Association of Lymphopenia and Rdw Elevation With Risk of Mortality in Acute Aortic Dissection
Dan Yu, Peng Chen, Xueyan Zhang, Hongjie Wang, Menaka Dhuromsingh, Jinxiu Wu, Bingyu Qin , Suping Guo, Baoquan Zhang, Chunwen Li, Hesong Zeng
This study aimed to investigate the potential association between lymphopenia and elevation of red blood cell distribution width (RDW) and the risk of mortality in acute aortic dissection (AAD) patients.
Acute aortic dissection is a serious and potentially life-threatening condition with high morbidity and mortality rates. Despite advancements in diagnostic and therapeutic techniques, the global burden of AAD remains significant. Identifying clinical indicators associated with mortality risk is crucial for effective patient management and targeted interventions.
Several indicators, including clinical signs, anatomy, hemodynamics, and biomarkers, have been linked to AAD outcomes. However, a comprehensive understanding of the underlying pathogenesis and mechanisms can provide valuable insights for improving disease outcomes. Inflammation, particularly immune dysregulation, plays a significant role in sporadic AAD. While the prognostic implications of immune dysregulation in cardiovascular diseases have been extensively studied, its association with AAD mortality has received limited attention.
Materials and methods
This hospital-based multicenter retrospective cohort study extracted data from electronic medical records of patients admitted to five teaching hospitals in central-western China. The study period spanned from January 2022 to August 2022, and data collection followed the Strengthening the Reporting of Observational Studies in Epidemiology (STROBE) reporting guideline.
The analysis included 1903 patients, with a median age of 53 years and 21.9% female participants. Among the patients, 75.1% were in-hospital alive, while 24.9% experienced in-hospital mortality. Deceased patients were more likely to be classified as DeBakey Ⅰ, smokers, undergo surgical operations, experience acute kidney injury, stroke or coma, and have limb ischemia. However, there were no significant differences in age, sex, hypertension, diabetes, aortic valve replacement, etiology, and transfusions between surviving and deceased patients.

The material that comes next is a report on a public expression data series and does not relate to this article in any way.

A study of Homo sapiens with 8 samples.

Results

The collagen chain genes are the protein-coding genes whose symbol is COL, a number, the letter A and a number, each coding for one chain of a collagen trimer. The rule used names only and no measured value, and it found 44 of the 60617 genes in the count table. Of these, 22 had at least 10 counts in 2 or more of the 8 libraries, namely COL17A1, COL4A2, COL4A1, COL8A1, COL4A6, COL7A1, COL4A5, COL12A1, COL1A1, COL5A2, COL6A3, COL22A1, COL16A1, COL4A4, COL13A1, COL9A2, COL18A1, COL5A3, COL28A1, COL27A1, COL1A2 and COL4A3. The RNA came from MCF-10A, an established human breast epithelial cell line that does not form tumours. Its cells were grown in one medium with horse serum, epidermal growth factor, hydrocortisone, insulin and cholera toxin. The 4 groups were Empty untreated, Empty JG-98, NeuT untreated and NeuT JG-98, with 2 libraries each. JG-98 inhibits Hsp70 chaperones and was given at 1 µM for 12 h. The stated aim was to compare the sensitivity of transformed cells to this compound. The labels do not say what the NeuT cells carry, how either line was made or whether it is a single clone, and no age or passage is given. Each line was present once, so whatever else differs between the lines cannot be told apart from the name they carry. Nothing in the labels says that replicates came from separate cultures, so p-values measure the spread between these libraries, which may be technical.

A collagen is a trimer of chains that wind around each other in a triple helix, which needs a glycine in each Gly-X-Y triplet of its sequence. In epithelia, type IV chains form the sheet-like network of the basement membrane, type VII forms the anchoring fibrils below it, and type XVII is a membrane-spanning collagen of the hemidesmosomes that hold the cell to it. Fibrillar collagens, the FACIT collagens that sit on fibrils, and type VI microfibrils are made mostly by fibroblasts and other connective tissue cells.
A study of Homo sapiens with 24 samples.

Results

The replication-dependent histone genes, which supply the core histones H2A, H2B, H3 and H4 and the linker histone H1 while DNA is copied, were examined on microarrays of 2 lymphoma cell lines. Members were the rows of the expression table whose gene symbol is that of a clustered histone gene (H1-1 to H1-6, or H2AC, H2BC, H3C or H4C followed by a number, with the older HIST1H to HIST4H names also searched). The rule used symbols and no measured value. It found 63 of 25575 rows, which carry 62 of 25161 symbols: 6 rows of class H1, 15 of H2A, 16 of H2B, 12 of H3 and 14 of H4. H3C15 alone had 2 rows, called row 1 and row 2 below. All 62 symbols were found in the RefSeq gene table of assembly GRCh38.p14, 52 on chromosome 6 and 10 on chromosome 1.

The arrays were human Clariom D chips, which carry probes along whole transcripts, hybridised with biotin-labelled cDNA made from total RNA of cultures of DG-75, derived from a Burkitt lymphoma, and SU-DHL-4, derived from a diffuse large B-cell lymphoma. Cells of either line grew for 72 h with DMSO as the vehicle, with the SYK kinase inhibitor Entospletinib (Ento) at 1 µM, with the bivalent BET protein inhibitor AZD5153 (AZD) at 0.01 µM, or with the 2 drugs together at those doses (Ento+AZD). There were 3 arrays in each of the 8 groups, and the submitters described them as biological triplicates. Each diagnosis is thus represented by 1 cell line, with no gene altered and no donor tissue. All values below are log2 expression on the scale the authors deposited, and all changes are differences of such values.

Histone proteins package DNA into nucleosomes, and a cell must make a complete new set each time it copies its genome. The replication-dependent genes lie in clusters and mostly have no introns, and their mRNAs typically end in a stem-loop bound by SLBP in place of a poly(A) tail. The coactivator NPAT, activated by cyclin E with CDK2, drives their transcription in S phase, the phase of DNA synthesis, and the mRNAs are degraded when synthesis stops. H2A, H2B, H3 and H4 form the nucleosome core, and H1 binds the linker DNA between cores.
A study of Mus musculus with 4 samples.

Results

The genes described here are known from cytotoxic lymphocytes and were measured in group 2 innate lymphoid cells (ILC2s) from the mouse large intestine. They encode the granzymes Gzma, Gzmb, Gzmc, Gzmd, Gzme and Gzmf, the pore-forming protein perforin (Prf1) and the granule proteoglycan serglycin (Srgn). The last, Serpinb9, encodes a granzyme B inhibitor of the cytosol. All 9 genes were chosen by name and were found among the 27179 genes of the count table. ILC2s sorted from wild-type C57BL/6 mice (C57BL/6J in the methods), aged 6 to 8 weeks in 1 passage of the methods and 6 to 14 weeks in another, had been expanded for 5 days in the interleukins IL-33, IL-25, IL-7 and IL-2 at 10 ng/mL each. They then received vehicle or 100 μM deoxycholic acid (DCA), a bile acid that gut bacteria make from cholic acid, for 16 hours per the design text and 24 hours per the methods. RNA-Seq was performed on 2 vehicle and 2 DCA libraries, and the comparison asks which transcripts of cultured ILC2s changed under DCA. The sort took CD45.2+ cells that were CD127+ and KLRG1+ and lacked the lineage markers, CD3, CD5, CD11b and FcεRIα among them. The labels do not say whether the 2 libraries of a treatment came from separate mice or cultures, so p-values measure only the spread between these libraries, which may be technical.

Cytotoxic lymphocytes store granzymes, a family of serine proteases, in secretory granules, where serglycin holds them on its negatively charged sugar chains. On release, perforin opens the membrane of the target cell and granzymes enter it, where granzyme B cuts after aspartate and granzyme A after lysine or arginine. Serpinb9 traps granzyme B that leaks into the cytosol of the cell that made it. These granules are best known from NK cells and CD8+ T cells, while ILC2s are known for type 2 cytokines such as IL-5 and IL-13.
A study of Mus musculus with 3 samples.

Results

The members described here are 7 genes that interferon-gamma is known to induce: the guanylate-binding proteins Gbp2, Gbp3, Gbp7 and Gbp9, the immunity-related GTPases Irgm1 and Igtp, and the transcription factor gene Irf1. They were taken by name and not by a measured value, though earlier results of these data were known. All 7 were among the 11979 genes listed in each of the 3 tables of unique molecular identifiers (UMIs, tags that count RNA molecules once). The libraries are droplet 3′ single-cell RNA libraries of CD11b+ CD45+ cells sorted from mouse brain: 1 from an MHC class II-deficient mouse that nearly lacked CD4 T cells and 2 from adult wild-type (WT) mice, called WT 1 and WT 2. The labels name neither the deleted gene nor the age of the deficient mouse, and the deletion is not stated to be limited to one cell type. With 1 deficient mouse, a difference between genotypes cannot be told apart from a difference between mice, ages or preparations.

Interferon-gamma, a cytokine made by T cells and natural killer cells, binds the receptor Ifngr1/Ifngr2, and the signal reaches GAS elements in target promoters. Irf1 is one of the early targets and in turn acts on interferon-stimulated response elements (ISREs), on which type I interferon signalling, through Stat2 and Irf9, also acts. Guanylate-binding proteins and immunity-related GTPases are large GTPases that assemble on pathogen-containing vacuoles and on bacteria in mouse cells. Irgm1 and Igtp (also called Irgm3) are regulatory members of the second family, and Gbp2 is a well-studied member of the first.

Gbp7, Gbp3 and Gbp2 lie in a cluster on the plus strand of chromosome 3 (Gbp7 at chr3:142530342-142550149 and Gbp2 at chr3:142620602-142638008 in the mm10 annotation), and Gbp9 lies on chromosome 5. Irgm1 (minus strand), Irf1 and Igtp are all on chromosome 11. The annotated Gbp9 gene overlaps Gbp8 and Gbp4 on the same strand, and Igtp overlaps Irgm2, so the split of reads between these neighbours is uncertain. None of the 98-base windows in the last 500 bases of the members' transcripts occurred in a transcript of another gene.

This study aimed to explore the association between lymphopenia, elevated RDW, and all-cause in-hospital mortality in AAD patients. The findings revealed that lymphopenia and RDW elevation were significantly associated with increased mortality risk. The combination of these two indicators further heightened the risk. Lymphopenia and RDW elevation may reflect immune dysregulation and serve as valuable markers for predicting mortality risk in AAD patients.
Based on this multicenter retrospective cohort study, lymphopenia and RDW elevation were found to be associated with an increased risk of all-cause in-hospital mortality in AAD patients. These indicators could potentially aid in identifying and quantifying immunologic abnormalities in the AAD population. Routine tests assessing immune status, often overlooked in clinical practice, may offer novel perspectives for predicting mortality risk. Further studies are necessary to confirm whether early immune intervention can reduce AAD mortality by addressing lymphopenia and elevated RDW.
The authors would like to thank Dr. Liangkai Chen for his valuable assistance with the statistical analyses.
Citation: Yu D, Chen P, Zhang X, Wang H, Dhuromsingh M, Wu J, et al. (2023) Association of lymphopenia and RDW elevation with risk of mortality in acute aortic dissection. PLoS ONE 18(3): e0283008. https://doi.org/10.1371/journal.pone.0283008
Editor: Gulali Aktas, Bolu Abant İzzet Baysal University: Bolu Abant Izzet Baysal Universitesi, TURKEY
Received: October 29, 2022; Accepted: February 28, 2023; Published: March 15, 2023
Copyright: © 2023 Yu et al. This is an open access article distributed under the terms of the Creative Commons Attribution License, which permits unrestricted use, distribution, and reproduction in any medium, provided the original author and source are credited.
Data Availability: All relevant data are within the paper and its Supporting Information files.
Funding: This research was funded by grant CSCF2020B03 from the Chinese Society of Cardiology Foundation and the National Natural Science Foundation of China (8187021109, 8207021929, 82100510). The funders had no role in study design, data collection and analysis, decision to publish, or preparation of the manuscript.
Competing interests: The authors have declared that no competing interests exist.